Manufacturers Association of Nigeria (MAN) have reported a significant increase in their expenditure on alternative energy sources.
According to MAN, the expenditure rose from N77.22 billion in 2021 to N144.5 billion in 2022, indicating an 87% increase in the cost of accessing alternative energy.
Consequently, MAN has strongly opposed the planned electricity tariff increase set to take effect from July 1, considering it to be outrageous.
Segun Ajayi-Kadir, the Director-General of MAN, expressed concerns about the lack of competitiveness in the real sector due to high costs associated with generating power from alternative sources.
He emphasized that a 40% tariff increase at this time would result in higher production costs, reduced profit margins, hindered manufacturing activities, and lower revenue contributions to the government, among other negative impacts.
Ajayi-Kadir highlighted the longstanding challenge faced by manufacturers in Nigeria, as they have had to rely on alternative energy sources due to the absence of stable, affordable electricity supply.
However, he lamented that even the available alternative energy sources, such as diesel, have become excessively expensive. The fact that the government itself has unpaid electricity bills totaling N75 billion reflects the burden of electricity costs.
The MAN Director-General pointed out that power already accounts for 28-40% of the cost structure in energy-intensive manufacturing industries, such as metal processing, heavy machinery, and chemicals manufacturing.
An increase in electricity tariffs would erode manufacturers’ profit margins, hinder their expansion plans, and limit job creation.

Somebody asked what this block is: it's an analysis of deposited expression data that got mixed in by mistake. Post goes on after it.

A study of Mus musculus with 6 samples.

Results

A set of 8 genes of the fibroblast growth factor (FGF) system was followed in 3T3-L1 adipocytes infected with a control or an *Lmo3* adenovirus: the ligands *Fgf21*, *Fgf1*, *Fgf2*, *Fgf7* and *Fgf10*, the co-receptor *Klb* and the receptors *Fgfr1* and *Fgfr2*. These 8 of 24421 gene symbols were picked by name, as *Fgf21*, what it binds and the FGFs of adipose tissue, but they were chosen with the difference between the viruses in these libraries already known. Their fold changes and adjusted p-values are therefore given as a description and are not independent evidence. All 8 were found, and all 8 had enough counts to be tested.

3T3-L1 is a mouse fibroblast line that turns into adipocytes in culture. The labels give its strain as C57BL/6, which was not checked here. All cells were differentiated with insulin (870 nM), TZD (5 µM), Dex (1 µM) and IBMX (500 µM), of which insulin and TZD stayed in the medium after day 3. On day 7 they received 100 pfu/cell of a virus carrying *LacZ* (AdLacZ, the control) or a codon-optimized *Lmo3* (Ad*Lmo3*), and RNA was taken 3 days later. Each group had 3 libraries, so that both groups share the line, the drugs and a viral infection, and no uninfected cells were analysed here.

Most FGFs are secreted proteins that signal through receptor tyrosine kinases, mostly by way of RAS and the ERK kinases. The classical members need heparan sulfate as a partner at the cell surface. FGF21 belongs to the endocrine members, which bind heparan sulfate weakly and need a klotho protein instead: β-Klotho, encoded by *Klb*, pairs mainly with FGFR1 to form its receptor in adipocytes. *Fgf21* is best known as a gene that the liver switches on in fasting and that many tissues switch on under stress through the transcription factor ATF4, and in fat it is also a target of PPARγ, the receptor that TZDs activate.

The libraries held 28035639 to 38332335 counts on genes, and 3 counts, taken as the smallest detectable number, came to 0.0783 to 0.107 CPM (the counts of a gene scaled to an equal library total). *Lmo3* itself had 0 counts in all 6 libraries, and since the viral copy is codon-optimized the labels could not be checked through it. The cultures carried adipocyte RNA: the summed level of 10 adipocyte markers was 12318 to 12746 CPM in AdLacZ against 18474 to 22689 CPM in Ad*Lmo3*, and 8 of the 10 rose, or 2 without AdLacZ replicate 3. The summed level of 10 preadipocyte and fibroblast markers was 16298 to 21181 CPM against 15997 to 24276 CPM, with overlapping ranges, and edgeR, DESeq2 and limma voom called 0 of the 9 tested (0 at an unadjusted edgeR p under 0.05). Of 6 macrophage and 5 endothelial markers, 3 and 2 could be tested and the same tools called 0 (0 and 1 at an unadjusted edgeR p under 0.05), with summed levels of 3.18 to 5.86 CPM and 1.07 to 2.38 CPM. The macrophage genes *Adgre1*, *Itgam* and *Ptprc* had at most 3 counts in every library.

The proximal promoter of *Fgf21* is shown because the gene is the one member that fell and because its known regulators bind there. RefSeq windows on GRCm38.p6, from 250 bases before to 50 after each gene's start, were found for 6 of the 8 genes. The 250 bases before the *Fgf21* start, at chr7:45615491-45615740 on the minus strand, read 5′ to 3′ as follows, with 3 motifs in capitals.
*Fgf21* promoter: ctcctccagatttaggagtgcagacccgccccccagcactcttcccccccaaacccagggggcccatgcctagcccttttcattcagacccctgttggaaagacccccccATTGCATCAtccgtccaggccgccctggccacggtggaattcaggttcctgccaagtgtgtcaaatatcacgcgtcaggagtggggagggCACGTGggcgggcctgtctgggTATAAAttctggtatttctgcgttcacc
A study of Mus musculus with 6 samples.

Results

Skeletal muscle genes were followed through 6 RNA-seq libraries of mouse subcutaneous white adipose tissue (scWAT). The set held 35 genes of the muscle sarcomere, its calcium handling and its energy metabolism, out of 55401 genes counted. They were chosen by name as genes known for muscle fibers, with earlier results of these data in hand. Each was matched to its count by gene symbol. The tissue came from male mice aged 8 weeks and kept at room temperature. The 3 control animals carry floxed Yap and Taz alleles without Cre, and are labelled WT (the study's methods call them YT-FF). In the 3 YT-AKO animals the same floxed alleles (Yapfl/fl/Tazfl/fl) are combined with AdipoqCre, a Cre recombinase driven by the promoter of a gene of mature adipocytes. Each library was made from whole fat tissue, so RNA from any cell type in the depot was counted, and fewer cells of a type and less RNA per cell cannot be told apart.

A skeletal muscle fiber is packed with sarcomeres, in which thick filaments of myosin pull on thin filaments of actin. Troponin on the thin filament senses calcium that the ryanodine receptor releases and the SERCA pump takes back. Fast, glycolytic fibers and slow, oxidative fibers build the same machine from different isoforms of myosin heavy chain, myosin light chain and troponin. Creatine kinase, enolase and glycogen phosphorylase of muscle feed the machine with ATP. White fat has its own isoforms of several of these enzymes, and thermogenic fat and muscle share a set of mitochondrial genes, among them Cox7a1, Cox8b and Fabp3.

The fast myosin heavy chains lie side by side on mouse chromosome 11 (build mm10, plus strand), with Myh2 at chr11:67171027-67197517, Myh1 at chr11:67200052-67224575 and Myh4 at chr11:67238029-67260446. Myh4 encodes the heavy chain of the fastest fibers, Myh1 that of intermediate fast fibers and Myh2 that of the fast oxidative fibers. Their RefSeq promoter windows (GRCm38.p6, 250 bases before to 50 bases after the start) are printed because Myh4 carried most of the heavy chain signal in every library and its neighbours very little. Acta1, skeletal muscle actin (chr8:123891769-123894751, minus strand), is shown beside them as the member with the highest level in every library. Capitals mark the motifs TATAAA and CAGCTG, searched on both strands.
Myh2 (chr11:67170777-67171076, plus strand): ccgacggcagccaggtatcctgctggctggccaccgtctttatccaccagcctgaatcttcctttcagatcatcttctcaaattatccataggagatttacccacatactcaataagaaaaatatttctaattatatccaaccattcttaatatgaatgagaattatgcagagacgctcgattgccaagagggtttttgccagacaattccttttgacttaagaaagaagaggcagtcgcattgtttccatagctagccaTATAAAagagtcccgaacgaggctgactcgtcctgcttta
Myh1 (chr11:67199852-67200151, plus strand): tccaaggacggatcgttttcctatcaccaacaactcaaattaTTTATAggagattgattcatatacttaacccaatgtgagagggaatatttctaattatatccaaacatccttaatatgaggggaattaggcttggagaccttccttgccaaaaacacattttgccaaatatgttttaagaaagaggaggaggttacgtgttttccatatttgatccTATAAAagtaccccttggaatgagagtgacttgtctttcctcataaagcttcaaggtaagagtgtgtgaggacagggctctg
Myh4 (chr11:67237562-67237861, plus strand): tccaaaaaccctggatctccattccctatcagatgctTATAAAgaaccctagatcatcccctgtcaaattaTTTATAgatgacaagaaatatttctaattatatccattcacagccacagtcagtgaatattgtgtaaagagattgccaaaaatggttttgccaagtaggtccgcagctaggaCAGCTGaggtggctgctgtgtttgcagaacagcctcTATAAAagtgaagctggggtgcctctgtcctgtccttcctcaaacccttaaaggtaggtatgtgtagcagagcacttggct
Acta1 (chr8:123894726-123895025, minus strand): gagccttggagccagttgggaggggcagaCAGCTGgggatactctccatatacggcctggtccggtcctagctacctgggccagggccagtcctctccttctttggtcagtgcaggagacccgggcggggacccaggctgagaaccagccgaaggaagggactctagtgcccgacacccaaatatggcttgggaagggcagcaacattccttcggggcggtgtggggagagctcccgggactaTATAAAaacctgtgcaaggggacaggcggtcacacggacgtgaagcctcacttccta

Ultimately, the additional costs would be passed on to consumers, leading to higher product prices in the market and exacerbating the country’s inflation rate.
Furthermore, the competitiveness of locally produced goods would suffer as they become less competitive compared to imported alternatives.
Ajayi-Kadir suggested that instead of raising tariffs, the Nigerian government and the Nigerian Electricity Regulatory Commission (NERC) should focus on improving electricity generation, transmission, and distribution to meet the revenue requirements of the electricity supply industry stakeholders.
He emphasized the importance of ensuring that at least 90% of electricity consumers are metered to enable consumption-reflective billing.
Additionally, he urged the government to formulate policies that promote investment in the energy sector, increase generation capacities, and support large-scale electricity production.
MAN’s expectation is that the government will engage in extensive consultations with manufacturers and implement measures to support the sector, preventing further factory closures and the subsequent negative effects on employment and the overall economy.
They caution against introducing burdensome measures that could further suffocate the manufacturing sector and the wider economy.